It’s relatively rare for an institutional investor to make a public statement about a loss on a venture-capital investment, but nothing about FTX International’s $32 billion blow-up and bankruptcy is normal.
Citing recent reports about potential fraud at FTX, Ontario Teachers’ Pension Plan said the development “is deeply concerning for all parties” and that it fully supports efforts by regulators and others to review the risks and causes of failure at the company.
The FTX loss amounts to less than 0.05% of the pension plan’s total net assets and it remains in a financially strong position, according to a statement on the Ontario Teachers’ Pension Plan website.
“We are disappointed with the outcome of this investment, take all losses seriously and will use this experience to further strengthen our approach,” Ontario Teachers’ Pension Plan said Thursday.
Ontario Teachers’ Pension Plan currently manages $242.5 billion in assets for 333,000 current and future retirees.
It is the latest big venture-capital investor to issue statements on FTX losses. SoftBank said it lost $100 million and Singapore sovereign wealth fund Temasek invested between $200 million and $300 million into FTX, according to a report. Sequoia said it wrote down the $214 million it invested in FTX to zero.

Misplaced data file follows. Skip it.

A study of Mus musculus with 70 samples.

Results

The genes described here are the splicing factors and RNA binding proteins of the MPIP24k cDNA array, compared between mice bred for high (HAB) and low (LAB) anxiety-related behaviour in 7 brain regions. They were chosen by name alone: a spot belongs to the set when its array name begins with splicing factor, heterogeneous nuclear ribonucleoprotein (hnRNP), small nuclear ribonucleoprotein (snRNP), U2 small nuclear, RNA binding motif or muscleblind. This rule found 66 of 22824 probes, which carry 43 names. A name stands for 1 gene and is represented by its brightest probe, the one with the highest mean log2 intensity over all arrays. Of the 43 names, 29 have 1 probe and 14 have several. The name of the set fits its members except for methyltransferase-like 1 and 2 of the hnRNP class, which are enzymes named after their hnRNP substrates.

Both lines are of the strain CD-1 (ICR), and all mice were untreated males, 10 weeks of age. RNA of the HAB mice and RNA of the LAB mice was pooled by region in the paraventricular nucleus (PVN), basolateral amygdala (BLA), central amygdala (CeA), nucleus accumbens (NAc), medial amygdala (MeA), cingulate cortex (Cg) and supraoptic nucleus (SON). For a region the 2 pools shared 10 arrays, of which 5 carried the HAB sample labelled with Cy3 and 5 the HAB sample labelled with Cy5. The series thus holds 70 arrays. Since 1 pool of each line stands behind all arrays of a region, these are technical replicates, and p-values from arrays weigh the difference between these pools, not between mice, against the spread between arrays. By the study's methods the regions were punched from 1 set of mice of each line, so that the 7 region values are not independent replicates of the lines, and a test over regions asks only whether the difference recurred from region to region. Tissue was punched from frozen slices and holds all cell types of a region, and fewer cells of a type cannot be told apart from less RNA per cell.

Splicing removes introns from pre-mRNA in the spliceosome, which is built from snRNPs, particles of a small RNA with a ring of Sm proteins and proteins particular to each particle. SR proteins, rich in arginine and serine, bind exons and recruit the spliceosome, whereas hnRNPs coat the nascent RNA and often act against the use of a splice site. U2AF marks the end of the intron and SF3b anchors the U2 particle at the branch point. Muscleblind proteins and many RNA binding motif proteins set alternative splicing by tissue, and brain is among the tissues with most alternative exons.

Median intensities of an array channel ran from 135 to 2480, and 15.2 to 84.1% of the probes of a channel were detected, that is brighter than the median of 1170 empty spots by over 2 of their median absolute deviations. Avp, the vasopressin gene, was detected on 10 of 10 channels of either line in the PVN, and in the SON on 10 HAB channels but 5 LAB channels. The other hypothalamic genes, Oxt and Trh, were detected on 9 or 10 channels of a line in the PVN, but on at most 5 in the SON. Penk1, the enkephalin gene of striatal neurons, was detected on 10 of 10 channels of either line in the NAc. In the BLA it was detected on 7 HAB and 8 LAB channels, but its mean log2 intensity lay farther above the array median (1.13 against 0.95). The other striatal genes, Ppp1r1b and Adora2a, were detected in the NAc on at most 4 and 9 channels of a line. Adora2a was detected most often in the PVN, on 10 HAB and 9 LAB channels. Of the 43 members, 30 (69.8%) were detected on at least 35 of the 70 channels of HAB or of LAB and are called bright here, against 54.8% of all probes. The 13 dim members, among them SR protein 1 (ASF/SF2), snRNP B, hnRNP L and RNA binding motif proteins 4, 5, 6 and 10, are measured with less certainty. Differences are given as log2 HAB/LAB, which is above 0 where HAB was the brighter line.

Ontario Teachers’ Pension Plan invested $75 million in FTX in 2021, plus a $20 million follow-on investment in January, through its three-year-old Teachers’ Venture Growth (TVG) platform in order to “gain small-scale exposure to an emerging area in the financial technology sector.
“Naturally, not all of the investments in this early-stage asset class perform to expectations, however, since inception, TVG has delivered solidly on intended objectives,” the pension plan added.
The pension fund conducted “robust due diligence” on all private investments and is supported by external consultants.
With FTX, the pension plan worked closely with third-party advisers to explore commercial, regulatory, tax, financial, technical and other matters.
“Recognizing that no due diligence process can uncover all risks especially in the context of an emerging technology business, the investment in FTX was sized moderately in relation to TVG and the overall portfolio of the plan,” the pension fund said.